Complex address system has its ups and downs

Aug. 3, 2010

Whatever happened to 123 Elm St.?

If you live in Menomonee Falls or Germantown, you may very well wonder just that and even yearn for such a simple address. After all, you live in a region with a unique and, let's face it, somewhat cumbersome address system.

"Only 5 percent of the nation has this, from what I understand," said Stan Franke, a supervisor at the Menomonee Falls Post Office. "It's a grid system. They're map coordinates."

Like those used in "Close Encounters of the Third Kind?" Will our N-something, W-something addresses eventually lead to an alien space ship landing on Pilgrim Road?

Indeed, the addresses do seem a bit far out there to some.

"Oh, people ask me about them all the time," said Kevin Nash, a Germantown resident who sells real estate with Shorewest Realtors. "I meet with a lot of buyers from outside the area, and they'll say, 'Our address is going to be what? This is crazy.'

"For a while, it was also tough on me. When I first got my GPS system back in 2004, it didn't recognize the combination of letters and numbers, But now, technology has caught up with it."

Fielding complaints

Irene Blau, who serves the role of Germantown's unofficial historian, admits she hears some complaints about it - especially when it's time to fill out that U.S. Census.

"Our addresses simply won't fit in the blocks on those forms," she said. "Between the street coordinates and the street names, we don't even come close. I live on Pleasant View Drive, for example. That comes to a lot of numbers and letters."

In her case, a total of 25.

"We'll get calls from people outside the area who want to send something to someone here, asking to make sure the address is correct," Franke said. "They'll say, 'These letters and numbers seem funny. Could this be right?' "

Then there are the little headaches for the little ones.

"It totally throws our kids for a loop - at least it did mine," Nash said. "It's no fun trying to teach your children to memorize their own address."

Mapping a path

So, there are some burdens. But are they outweighed by the blessings?

"For sure," said Nash. "They're map coordinates, so all you've got to do is connect the dots. It's really helped me in my business, where I'm always trying to help people find a street or find a house. Not everyone is going to know what it means to say we're north of Capitol Drive, for example, so I give them the coordinates. It's awesome."

Coldwell Banker's Marylyn Mathers, also a Realtor in the area, agrees.

"Occasionally, people will wonder about it, but once I explain it, they think it's just great," she said. "They'll say, 'Why doesn't everyone get to have this?' "

With the ease of finding places a priority, no one benefits from the system more than the local police and fire personnel, Franke said.

"That's really the biggest reason why we have it," he said. "Locating addresses around here isn't easy, especially with the way we have streets running at odd angles, crisscrossing each other. We don't have the numbered streets like some other communities where you have the squared-off city block, followed by the next city block."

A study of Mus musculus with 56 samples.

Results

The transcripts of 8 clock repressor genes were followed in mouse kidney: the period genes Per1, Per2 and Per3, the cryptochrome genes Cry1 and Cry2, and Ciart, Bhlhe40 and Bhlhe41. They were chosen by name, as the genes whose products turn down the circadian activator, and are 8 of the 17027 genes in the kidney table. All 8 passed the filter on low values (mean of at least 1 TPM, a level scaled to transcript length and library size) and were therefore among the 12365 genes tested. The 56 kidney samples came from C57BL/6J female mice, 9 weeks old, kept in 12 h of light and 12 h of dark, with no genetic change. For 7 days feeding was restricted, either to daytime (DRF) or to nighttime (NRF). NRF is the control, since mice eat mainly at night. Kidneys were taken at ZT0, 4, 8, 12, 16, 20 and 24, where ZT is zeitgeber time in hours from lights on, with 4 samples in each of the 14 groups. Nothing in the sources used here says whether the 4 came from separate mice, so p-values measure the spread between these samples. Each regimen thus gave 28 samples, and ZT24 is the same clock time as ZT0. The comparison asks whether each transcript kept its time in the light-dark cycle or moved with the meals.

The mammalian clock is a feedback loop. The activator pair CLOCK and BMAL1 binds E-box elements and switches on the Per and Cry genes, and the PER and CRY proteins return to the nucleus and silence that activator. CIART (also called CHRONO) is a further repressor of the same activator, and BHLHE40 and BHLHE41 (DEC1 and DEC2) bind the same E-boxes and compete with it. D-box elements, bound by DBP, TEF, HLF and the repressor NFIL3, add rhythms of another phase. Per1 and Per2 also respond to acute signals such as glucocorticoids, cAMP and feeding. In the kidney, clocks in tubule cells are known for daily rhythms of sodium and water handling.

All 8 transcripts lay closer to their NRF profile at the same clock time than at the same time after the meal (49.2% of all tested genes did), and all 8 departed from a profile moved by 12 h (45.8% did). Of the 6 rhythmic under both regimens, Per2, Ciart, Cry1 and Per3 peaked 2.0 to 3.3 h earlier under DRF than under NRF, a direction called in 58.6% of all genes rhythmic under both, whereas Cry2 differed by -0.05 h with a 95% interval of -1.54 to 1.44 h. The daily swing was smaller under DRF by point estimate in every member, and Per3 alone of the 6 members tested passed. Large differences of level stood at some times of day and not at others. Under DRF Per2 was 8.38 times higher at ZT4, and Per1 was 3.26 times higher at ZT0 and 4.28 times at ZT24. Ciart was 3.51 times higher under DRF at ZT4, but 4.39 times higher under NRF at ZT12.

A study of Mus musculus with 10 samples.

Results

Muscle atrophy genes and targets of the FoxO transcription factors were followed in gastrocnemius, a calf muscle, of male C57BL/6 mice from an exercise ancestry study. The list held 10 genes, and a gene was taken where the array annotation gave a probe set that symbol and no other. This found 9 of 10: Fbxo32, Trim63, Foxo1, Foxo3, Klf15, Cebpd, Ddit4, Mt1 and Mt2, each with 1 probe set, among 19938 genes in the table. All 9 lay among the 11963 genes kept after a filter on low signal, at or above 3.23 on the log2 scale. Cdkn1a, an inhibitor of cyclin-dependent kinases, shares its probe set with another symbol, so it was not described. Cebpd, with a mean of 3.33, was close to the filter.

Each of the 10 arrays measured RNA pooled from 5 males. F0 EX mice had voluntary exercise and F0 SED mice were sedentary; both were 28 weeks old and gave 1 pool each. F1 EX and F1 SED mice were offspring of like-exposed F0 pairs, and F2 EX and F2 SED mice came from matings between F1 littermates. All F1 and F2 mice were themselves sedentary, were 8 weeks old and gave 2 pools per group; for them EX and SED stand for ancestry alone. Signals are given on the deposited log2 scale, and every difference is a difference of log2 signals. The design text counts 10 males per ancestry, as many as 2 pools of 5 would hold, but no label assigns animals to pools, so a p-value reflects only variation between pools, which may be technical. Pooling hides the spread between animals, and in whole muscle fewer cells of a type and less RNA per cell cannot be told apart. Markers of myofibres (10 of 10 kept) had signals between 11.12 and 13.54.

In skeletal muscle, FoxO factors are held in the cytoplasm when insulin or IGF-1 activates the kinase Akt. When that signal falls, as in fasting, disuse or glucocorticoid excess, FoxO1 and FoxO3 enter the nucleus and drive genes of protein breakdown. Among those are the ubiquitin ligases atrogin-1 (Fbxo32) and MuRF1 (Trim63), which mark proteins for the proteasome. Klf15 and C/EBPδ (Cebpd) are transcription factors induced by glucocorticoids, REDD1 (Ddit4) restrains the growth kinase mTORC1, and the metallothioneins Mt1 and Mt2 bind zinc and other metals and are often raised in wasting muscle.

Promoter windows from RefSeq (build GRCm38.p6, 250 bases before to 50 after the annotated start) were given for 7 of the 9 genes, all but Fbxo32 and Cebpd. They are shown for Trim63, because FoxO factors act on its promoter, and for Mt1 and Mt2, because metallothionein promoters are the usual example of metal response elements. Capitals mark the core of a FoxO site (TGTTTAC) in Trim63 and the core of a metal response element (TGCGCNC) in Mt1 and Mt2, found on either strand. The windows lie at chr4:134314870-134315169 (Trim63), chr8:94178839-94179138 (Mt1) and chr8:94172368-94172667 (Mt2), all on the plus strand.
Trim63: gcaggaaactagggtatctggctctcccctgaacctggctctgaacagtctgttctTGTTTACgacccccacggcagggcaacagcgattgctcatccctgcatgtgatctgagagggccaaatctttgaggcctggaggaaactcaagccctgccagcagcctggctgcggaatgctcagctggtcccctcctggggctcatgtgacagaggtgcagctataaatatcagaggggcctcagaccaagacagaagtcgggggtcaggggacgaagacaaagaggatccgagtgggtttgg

And Franke reminds us that the area was quite rural in the not-too-distant past.

"We've had a population increase in a big way. With all the new subdivisions that keep popping up, we are getting new addresses all the time," he said. "Not everyone knows all the streets by heart.

"I assume this system was adopted upon the village's inception. Things have changed in Menomonee Falls a lot since then."

Adopting from Milwaukee

The same goes for Germantown, Blau said.

"Back in 1963, the village was trying to avoid annexation into Milwaukee County, where we sit right on the edge," she said. "It went from one square mile in size to 23 square miles (now 36 square miles). Suddenly, we became what seemed like a huge community and no one could find each other. The old address system became inadequate overnight, so Germantown adopted Milwaukee County's grid system."

To make things easier for rescue personnel, metal address signs were erected at the street level, Blau said. But then came the explosion of subdivision development.

"The village couldn't put up a sign in front of each and every new home," Blau said. "Eventually, people started putting the coordinates on their homes and on their mailboxes."

Lt. Todd Grenier of the Germantown Police Department agrees that the system's compass-like characteristics make life easier when it comes to emergencies.

"When dispatch calls a squad with the address, the grid system allows us to immediately get headed in the right direction," he said. "All we have to remember is that Mequon Road (horizontally) is at N112. Division Road (vertically) is W172. Those are our two major roads, and they dissect the village right in half. It works out great, because no one can memorize each and every street."

So there you have it. There's certainly a method to what may look like a maddening set of letters and numbers. It may require a little getting used to it, but the consensus seems to be it's well worth it.

"Yeah, outside of being a pain to write on an envelope," Nash said with a laugh. "But that's no biggie. That's a small price to pay for our wonderful way of life here."